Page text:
Insights into Editorial: A change in the Maldives


 

Context:

Voters in the Maldives delivered a stunning defeat for President Abdulla Yameen in a contentious presidential election, an outcome regarded as a victory for democracy over authoritarianism in the Indian Ocean island nation.

The people of the small archipelago in the Indian Ocean voted for change and brought to power the Opposition candidate, Ibrahim Mohamed Solih. They came out in huge numbers with the turnout being 89.2%.

 

Importance of Maldives:

The Maldives, long a popular tourist destination, has grown in strategic importance in recent years as China and India to establish their influence in the region, and as Beijing pushes ahead with its global trade and infrastructure plan.

Spread over nearly 1,200 islands spanning more than 90,000 sq km, key shipping lanes where Beijing and New Delhi compete to pursue their often-conflicting maritime strategies pass through this tiny Indian Ocean nation.

Though small, the Maldives is India’s important neighbour. India’s Prime Minister Narendra Modi called the Maldives “a valued partner in the Indian Ocean neighbourhood”.

India-Maldives “ties are built on a very strong foundation” the contours of which are defined by shared strategic, security, economic and developmental goals.

However, the bilateral ties are not without irritants, which can be seen in two broad areas: political and strategic.

 

How is China engaging with the Maldives?

Beijing has made large investments in infrastructure projects in the Maldives during Yameen’s time in office.

They include a US$830 million investment to upgrade the Maldives airport and build a 2km bridge to link the airport island with the capital Male, according to the Centre for Global Development.

Chinese are also building a 25-storey apartment complex and hospital in the Maldives.

Meanwhile, some 306,000 Chinese tourists visited the Maldives last year accounting for 21 per cent of the country’s total number of visitors. When three Chinese naval ships docked in Male in August last year, it only amplified India’s concerns.

 

Tilt towards China:

Mr.Yameen’s China visit last year, the two nations signed 12 pacts, including a free trade agreement (FTA).

Mr. Yameen not only fully endorsed China’s ambitious Maritime Silk Road initiative but also made the Maldives the second country in South Asia, after Pakistan, to enter into an FTA with China.

The Yameen government pushed the FTA through the nation’s Parliament, the Majlis, stealthily, with the opposition not attending the parliamentary session.

 

Chinese Investments: Massive Debt trap, according to opposition:

The opposition accused the Yameen government of allowing a Chinese ‘land grab’ of Maldivian islands, key infrastructure, and even essential utilities, which “not only undermines the independence of the Maldives, but the security of the entire Indian Ocean region.

The massive infrastructure growth funded by Chinese debt was a key part of Mr. Yameen’s election campaign but the massive debt trap made it a difficult proposition to be accepted.

 

How have the Maldives ties with India fared under Yameen?

Bilateral ties between India and the Maldives have deteriorated during Yameen’s time in power.

In March 2015, Indian Prime Minister Narendra Modi cancelled his state visit to the island nation over the treatment of Mohamed Nasheed, the former pro-India Maldivian president who had been jailed.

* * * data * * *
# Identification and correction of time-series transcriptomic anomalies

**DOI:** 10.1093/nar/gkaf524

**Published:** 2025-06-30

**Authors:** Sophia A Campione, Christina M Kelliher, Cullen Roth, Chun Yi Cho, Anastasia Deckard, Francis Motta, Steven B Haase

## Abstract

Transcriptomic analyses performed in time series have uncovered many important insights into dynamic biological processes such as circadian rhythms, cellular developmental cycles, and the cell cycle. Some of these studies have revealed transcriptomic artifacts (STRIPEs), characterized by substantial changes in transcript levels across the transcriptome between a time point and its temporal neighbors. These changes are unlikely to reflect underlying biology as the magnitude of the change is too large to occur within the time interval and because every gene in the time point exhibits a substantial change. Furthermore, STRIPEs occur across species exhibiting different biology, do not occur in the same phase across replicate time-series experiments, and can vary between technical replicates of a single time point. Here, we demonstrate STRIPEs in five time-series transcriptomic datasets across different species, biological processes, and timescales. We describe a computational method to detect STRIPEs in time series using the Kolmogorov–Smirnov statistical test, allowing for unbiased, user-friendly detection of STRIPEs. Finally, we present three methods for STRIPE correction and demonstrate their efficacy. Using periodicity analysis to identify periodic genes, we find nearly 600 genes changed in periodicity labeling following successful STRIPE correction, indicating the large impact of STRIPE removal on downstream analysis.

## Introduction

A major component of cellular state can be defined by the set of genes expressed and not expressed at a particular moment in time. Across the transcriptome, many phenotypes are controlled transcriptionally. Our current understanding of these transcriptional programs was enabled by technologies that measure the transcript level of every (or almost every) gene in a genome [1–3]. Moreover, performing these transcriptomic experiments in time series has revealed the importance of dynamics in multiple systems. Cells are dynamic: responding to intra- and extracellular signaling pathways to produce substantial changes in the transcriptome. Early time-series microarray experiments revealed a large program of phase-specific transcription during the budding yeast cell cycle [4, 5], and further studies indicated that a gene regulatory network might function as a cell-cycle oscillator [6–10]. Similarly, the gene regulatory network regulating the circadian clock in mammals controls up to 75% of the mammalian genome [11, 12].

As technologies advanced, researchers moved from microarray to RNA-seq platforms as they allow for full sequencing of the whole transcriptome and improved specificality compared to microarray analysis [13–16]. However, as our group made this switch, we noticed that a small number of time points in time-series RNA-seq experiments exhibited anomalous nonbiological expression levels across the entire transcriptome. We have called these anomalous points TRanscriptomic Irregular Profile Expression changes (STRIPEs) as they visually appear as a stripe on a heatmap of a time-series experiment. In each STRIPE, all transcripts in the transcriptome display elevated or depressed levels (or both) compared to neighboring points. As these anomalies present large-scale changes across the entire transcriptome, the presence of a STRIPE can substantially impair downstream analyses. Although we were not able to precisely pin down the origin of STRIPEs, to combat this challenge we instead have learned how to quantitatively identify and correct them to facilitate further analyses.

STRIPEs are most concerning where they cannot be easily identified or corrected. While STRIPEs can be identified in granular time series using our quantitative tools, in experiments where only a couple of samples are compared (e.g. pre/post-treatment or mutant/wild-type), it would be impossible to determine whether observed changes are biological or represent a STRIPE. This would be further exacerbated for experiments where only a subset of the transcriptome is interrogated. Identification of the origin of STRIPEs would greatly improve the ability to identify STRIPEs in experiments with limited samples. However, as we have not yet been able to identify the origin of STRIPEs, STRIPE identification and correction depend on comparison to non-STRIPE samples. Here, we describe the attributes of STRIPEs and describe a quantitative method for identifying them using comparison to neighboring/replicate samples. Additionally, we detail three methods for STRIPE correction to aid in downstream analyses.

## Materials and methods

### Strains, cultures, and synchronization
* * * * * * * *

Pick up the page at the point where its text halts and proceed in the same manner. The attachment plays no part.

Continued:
The Maldives also declined India’s invitation to take part in its biennial eight-day naval exercise, Milan, this year.

Yameen’s government has also rejected visa renewals for Indians who were legally working in the Maldives, without giving any explanation.

 

Concern areas that need to be improved between India and Maldives –

  • No FTA with India: Maldives and India do not have a Free Trade Agreement. However Maldives and China entered into Free Trade Agreement.
  • Maldives growing “closeness” with China: Both China and Pakistan stepping up their strategic inroads into the Maldives
  • Religious radicalization: The Maldives is being radicalized by the Saudi funds and influence

 

  • ISIS threat: Growing Islamic radicalisation in the tiny island-nation of about four lakh people once known for its tolerant practices has many foreign governments, including India, deeply concerned.
  • Yameen government had asked India to remove its Dhruv advanced light helicopters from Maldives (which India had gifted in 2013).
  • Yameen government has alleged that tensions over the presence of the two Indian helicopters in two strategically important locations in the Laamu and Addu atolls have been growing.
  • Work permits are not currently being issued to Indian Nationals.

By changing to more democratic form of government in Maldives, India can engage with Maldives to establish much more friendly relations than previous government era to protect the safety and security of entire Indian Ocean region.

Notice the picture for more points in importance of Maldives for India.

 

Way Forward:

Many of the challenges the Maldives faces linger. The opposition may have been united in its desire to oust Mr. Yameen but this unity will be tested in governance.

Democratic institutions have been weakened and a fragile democracy can also be susceptible to radical ideologies if not effectively governed. Its economic presence in the Maldives is a reality that all governments will have to contend with.

Mr. Yameen’s defeat has certainly produced a favourable outcome for New Delhi and it should seize the moment to rebuild ties with Male.

If there is one lesson out of the Maldives crisis, it is that political elites in India’s neighbours will come and go.

But if India can stand together with the aspirations of citizens of neighbouring countries, then the prospects of a long-term sustainable relationship will be much brighter.